Navy Hill

Opponents of the proposed replacement of the Coliseum and other changes to Navy Hill demonstrated on the steps of Richmond City Hall in December.

By Ben Campbell and John Moeser

The real Navy Hill was a close-knit, mixed-income, mixed-use African American community, much like its western neighbor, Jackson Ward. Navy Hill School was particularly noteworthy. Despite discriminatory funding, its academic performance rivaled the city’s best white schools. One former student at Navy Hill was Maggie L. Walker, the bank founder and civil rights activist who fought white segregationists long before the appearance of the Rev. Martin Luther King Jr.

Navy Hill included the law office of some of the greatest 20th century civil rights attorneys. Oliver Hill and Spotswood Robinson argued before the U.S. Supreme Court and played leading roles in the landmark decision in Brown v. Board of Education. Henry Marsh, Richmond’s first African American mayor, became a partner in the firm.

Navy Hill, like Jackson Ward, was partly destroyed by the construction of the Richmond-Petersburg Turnpike, now Interstates 95 and 64. But one assault after another during the period between 1950 and when the Greater Richmond Convention Center was built led to the wholesale destruction of the once thriving community — a veritable city within a city.

The destruction of Navy Hill was a colossal injustice, but it was not alone. Three more black communities — Apostle Town, Fulton Bottom and Penitentiary Bottom — were wiped off the map. Randolph was cut in half by the Downtown Expressway. Fulton vanished because the ruling class needed the land for a never-constructed industrial park.

Thousands of displaced African Americans were forced to find other places to live. Many wound up in public housing. The vast majority were concentrated in the East End of Richmond, intended to be isolated within a wall of six-lane expressways.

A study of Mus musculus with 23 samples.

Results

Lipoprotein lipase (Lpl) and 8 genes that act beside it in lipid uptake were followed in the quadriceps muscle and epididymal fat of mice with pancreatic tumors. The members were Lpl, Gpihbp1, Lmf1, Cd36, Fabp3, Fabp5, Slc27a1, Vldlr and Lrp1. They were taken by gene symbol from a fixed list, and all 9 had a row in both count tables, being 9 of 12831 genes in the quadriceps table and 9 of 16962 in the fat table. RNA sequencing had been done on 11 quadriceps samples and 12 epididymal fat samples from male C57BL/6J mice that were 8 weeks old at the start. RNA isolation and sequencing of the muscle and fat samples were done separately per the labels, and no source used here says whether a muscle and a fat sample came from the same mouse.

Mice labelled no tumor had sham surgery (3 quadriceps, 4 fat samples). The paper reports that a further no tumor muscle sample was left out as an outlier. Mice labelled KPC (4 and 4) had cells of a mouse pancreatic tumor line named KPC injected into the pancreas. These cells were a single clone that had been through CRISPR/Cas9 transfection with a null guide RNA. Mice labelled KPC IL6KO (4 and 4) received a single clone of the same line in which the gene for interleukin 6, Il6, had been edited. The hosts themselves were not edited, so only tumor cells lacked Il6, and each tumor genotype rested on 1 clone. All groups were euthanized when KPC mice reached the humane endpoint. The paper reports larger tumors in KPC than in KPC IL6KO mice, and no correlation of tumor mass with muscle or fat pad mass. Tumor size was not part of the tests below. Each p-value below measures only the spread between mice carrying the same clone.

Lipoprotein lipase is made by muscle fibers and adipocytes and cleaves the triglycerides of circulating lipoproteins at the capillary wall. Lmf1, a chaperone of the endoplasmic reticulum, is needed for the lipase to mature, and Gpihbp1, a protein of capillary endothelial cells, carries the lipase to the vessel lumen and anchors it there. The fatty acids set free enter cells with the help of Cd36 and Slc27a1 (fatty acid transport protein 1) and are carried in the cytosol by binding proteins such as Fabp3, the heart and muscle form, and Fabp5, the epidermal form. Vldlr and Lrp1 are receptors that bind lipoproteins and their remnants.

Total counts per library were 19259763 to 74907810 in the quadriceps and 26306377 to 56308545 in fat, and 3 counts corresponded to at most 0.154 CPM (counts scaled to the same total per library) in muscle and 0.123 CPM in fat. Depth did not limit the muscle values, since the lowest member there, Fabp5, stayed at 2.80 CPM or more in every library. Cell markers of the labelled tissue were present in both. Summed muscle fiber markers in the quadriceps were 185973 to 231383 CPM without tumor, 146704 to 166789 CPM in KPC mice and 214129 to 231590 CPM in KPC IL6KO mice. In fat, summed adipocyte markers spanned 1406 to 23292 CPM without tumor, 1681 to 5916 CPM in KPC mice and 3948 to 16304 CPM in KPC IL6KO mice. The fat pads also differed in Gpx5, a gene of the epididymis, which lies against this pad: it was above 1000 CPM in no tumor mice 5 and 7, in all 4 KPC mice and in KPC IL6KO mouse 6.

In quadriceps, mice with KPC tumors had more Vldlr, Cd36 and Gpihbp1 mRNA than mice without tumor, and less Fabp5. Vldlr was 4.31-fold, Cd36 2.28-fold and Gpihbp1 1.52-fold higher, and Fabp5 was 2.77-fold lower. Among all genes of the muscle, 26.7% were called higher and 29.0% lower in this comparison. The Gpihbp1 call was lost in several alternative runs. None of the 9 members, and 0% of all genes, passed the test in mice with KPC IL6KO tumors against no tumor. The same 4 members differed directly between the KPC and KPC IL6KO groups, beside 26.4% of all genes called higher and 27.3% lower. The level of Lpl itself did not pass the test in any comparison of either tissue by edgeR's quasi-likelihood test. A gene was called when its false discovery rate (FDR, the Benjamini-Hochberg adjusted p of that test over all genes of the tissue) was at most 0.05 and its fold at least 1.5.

Not one stone of Navy Hill remains in place. To be clear: 50 years of expressways, urban clearance and public housing were done to the African American community of Richmond, not for the community.

Today, developers smell big money in the desolate remains of Navy Hill. They say there is a major market for a hotel, housing, retail, office and commercial development where a neighborhood of families and shops once graced the streets. Along with development in 80 blocks of the downtown area, they say, cashing in Navy Hill will enable Richmond to float $350 million in public bonds for capital investment.

Finally, 50 years after the destruction of Navy Hill and Jackson Ward, the land is valuable enough to make the destruction pay off for the community that was destroyed.

But how will the Navy Hill wealth be used? The money could construct the schools and the mixed-income housing which the city fathers ignored for the past 50 years. But it won’t.

The developers want Navy Hill’s money for themselves — to build another, bigger Coliseum. Wait 10 or 20 more years, they say to the community.

The message sounds hauntingly familiar: Our money now; your money later.

Richmond Public Schools are needed now. They have been starved for 50 years. Two-thousand units of genuinely affordable housing are needed now. Thousands of units were torn down 50 years ago. Injustice now will not build justice later.

We can build a new Navy Hill High School for Government and Equity, sharing a campus with Reynolds Community College at Jackson Street, establishing first-class internship programs with city and state government and supporting full opportunity for dual-enrollment college classes. Downtown retail can be built on the old Coliseum site, connecting the old and new parts of Jackson Ward. Offices, housing and commercial development can take place as developers assess the risk and opportunity. The convention center’s new hotel does not need to wait.

If non-resident investors are eager for a new Coliseum, they can build it somewhere else. They can use their own money instead. They can build the parking decks, promote the events and assume the significant risks of failure.

Will private investment occur on Navy Hill if the Coliseum goes away? Will there be enough development to support the bonds needed for housing and schools? The developers’ consultants certainly promise there will. They claim the Navy Hill development market is enormous. We hope they are telling the truth. If they’re not, the whole conversation is fantasy anyway. But if the demand is there as they say, the proceeds belong at long last to the people whose sweat and blood formed the city. This is about moral development, not absentee profit.

The community’s needs must no longer come second. Richmond does not need the massive debt of another developer’s fantasy North of Broad. Navy Hill’s resources belong to the community who built Navy Hill. The wealth of the community must be used to remedy the lasting shame of its destruction. Schools, housing, hope. Now. Finally.

That is the message of the real Navy Hill.


John Moeser is professor emeritus of urban studies and planning at Virginia Commonwealth University and the co-author of “A Separate City: African American Communities in the Urban South.” Contact him at jmoeser@vcu.edu.